When I was a kid, my mother used to recite a poem every time it was about to snow in Indiana:
“The North Wind doth blow, and we shall have snow, and will will Poor Robin do then? Poor thing! She’ll go into the barn, keep herself warm and hide her head under her wing. Poor thing!”
It was her take on an English nursery rhyme that she probably heard from her mother. I’m guessing the original robin was a European Robin and it was applied to our American Robin. I was dubious about it as a kid, there weren’t too many barns in our urban Indianapolis neighborhood. Most non birding people think robins get the heck out of Dodge in winter, laying low in Central and South America, foraging on exotic fruits and insects. The weathermen in Indiana saw robins as harbingers of spring, “Boy, you really know that it’s spring when that robin shows up, foraging among the green grass!”
But that’s not really the case either. The above photo was taken on Monday, right after 17 inches of snow was dumped on my Minneapolis neighborhood. We’ve had huge flocks of American Robins all over the Twin Cities since October, we always do. Most people have never noticed and when they do, I get questions in email, “Hi, I’m sorry to bother you, but I could swear that I saw robins in my neighborhood today, am I crazy or is this some other bird that looks like a robin?”
I tell them that what they are seeing are American Robins, not the exact same birds they had nesting in their yards in the summer, but robins from further north, most likely Canada. So, what do robins eat when the ground has frozen shut and snow covered their access to earthworms?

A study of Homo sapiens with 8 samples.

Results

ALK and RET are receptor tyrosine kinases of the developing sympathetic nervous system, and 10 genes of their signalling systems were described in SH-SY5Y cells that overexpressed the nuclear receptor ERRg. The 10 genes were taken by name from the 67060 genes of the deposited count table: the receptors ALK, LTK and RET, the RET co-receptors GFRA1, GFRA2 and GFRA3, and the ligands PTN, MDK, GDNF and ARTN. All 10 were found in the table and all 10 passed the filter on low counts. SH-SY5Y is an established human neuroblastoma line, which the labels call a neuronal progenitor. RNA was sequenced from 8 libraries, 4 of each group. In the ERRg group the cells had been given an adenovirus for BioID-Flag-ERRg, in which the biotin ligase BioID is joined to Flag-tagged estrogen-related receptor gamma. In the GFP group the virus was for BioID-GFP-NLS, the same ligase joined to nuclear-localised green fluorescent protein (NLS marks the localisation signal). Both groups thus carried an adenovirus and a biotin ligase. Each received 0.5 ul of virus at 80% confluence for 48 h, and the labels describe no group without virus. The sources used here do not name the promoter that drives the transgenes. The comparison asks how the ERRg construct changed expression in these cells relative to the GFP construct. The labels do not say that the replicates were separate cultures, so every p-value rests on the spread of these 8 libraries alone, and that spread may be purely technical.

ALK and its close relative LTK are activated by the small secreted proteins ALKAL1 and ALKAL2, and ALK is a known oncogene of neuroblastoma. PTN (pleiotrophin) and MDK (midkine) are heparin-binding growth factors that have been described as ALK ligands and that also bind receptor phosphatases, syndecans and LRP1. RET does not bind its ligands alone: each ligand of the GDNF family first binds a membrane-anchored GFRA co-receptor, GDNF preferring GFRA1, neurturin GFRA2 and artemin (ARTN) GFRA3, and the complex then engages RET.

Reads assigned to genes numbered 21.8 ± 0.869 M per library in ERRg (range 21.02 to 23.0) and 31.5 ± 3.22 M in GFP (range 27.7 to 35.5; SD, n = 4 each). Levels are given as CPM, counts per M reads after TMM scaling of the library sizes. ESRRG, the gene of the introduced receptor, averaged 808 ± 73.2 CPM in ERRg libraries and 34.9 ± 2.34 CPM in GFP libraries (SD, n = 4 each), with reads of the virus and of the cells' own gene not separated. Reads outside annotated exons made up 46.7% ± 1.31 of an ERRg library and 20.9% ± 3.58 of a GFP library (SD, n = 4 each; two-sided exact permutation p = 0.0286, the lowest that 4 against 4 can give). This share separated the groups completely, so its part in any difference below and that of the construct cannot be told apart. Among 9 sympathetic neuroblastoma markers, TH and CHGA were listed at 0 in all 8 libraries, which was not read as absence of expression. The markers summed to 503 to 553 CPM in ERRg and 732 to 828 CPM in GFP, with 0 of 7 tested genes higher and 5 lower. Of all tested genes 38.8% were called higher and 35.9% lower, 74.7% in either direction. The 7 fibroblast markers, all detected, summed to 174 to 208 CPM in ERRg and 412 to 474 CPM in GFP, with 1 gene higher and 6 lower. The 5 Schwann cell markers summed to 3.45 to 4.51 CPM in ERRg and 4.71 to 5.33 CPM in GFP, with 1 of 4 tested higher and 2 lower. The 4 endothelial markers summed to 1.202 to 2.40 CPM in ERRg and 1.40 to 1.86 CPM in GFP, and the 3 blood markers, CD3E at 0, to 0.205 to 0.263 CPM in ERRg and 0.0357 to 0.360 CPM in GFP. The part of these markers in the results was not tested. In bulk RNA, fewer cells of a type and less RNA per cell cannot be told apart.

We appear to have a bumper crop of fruit on the hackberry trees in my neighborhood. The large flocks of robins jockey for position on the thin branches while fighting off American Crows, Eupropean Starlings and Rock Pigeons for access to the food source. According to Cornell’s Birds of North America Online robins also rely on English Hawthorn and Juniper berries to make it through the winter. I suspect some of our most hated invasive plants like Buckthorn and Honeysuckle figure in to that strategy in a big way as well. Sometimes robins get creative and adapt to different food sources.
Last winter, JJ Golden emailed me a photo of a robin that was going for small fish in a Minneapolis city park. I’ve seen robins hang around Twin Cities bait shops in winter, foraging on dead minnows tossed outside, but I had never seen on actively fishing.
So, perhaps my mother’s nursery rhyme should change to:
The North Wind doth blow and we shall have snow and what will Poor Robin do then? Poor Thing! They go out into the trees, gorge on hackberries, beat up a few starlings and take in a little ice fishing. Smart things!